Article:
Originally Posted by Ayvah
any character arc is the internal flaw

I don't agree with you. Characters can develop by acquiring new qualities, rather than getting rid of old ones. There are also a bunch of stories where the characters learn to live with their "internal flaw" or indulge it. It's all very individual. And it's still considered a development. You do not have to "fix" everything to make the character more developed and interesting. Good deeds adhere to morality, evil deeds are mostly immoral. There is a big difference between catching flies for the sake of selfishness and for the sake of helping others.

Also, chaotic evil should be "stupid" according to your concepts, because in most cases it is classified as a "monster" who just likes to destroy everything. Again, chaotic evil doesn't need a good reason to kill someone or destroy something. Many chaotic characters kill for fun (or they're really monsters), and not because of an order (lawful evil) or for benefit (neutral evil).

Originally Posted by Ayvah
If a character is "stupid evil", then they are by definition flawed. Like Mr Moneybags for example -- a character who's too stupid to realise that murder is not the only way to get rich. If Minthara is doing something stupid then that's a huge opportunity for a character arc.

As someone has already said, killing can be the easiest and most profitable way to get rich, so your "mister" may not be such a "stupid evil", he just likes simple ways.


Originally Posted by Ayvah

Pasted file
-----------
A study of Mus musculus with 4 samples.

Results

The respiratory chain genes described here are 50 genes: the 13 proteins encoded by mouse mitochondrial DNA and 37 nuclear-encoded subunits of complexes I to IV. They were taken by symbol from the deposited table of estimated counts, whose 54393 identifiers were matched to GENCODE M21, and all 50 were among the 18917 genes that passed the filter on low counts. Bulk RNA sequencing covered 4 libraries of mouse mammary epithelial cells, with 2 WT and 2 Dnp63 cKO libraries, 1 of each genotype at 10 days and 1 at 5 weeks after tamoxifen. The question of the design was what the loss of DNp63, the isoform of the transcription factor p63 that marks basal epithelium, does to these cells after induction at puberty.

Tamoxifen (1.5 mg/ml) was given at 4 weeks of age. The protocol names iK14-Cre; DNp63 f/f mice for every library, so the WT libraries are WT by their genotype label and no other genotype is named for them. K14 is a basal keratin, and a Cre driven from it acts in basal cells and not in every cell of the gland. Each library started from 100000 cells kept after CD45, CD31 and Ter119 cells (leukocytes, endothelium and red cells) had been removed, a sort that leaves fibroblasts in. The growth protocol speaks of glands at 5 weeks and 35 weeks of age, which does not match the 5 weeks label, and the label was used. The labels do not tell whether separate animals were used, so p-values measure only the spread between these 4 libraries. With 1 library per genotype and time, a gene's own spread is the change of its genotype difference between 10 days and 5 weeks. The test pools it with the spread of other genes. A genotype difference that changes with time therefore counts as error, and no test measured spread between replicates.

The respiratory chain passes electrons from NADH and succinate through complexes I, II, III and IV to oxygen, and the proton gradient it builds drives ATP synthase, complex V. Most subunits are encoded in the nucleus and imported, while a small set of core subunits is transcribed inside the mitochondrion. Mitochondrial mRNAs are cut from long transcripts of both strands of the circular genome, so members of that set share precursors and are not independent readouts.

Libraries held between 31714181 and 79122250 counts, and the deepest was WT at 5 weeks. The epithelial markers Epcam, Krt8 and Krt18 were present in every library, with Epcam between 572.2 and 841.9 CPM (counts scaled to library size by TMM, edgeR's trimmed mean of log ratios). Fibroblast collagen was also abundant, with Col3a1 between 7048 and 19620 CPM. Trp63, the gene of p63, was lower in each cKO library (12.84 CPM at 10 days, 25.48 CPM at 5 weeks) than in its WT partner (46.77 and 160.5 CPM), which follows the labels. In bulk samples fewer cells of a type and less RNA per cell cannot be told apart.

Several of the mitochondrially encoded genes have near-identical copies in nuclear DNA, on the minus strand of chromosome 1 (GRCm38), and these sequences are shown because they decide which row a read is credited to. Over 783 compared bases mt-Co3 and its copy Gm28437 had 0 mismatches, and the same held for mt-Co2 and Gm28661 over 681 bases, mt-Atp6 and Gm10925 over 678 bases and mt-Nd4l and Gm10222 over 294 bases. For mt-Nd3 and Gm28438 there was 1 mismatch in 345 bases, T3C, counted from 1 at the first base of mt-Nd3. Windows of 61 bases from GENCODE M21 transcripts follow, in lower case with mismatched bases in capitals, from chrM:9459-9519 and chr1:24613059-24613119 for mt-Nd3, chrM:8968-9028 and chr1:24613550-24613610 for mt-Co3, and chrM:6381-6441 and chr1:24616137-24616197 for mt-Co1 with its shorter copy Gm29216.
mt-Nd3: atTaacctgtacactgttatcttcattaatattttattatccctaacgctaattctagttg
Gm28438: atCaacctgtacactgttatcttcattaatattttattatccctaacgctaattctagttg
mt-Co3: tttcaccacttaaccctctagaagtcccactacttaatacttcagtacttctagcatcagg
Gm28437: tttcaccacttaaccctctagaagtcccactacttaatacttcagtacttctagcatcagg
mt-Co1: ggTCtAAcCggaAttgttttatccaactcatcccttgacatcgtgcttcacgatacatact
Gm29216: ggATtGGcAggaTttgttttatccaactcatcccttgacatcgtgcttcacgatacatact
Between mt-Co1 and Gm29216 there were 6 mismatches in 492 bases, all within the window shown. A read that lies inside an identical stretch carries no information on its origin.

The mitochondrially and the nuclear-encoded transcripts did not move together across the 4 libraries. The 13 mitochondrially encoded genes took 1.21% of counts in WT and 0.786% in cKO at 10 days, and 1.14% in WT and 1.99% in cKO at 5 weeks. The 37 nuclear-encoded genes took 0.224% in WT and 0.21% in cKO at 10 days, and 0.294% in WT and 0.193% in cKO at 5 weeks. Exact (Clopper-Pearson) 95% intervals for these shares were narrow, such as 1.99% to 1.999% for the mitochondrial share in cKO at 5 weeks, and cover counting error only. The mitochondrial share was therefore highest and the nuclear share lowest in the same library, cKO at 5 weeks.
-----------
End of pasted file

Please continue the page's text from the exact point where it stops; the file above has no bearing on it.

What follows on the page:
Alignment isn't a big thing in BG3, and seems to be getting phased out of D&D in general.

Also sad for me, because it implies a change in the characters ' worldview, which I don't approve of. I believe that a character can develop in the direction of their mores, views and tastes. Let it make him mad or maliciously great.

Originally Posted by Ayvah
A character arc doesn't always mean "become nicer". Sometimes it can be the opposite. Many stories have been told where the climax is the protagonist learning to "love themself more" or "fight back against the bully" or whatever.

We are talking about evil characters, in this case, writers often resort to the "arch of redemption" method, which makes them "become nicer". Cuz for evil "love themself more" means becoming even more selfish. My point is that these examples are not suitable for evil characters, you understand that such endings happen to heroes.

Evil characters can become even more evil, can be obsessed with revenge, want to become great, and they can gloat over and over again, becoming more ignorant. The big problem is that we don't have many stories about evil in evil way, where evil didn't fall or change for good way. Especially in games.

And this is not because it is a "bad way", it's just that we constantly talk about heroes and encourage morality. Even in stories about maniacs, the detective most often wins, although life is full of stories when the killer was not found and he did not get what he deserved.

Last edited by Nyloth; 21/01/21 11:14 AM.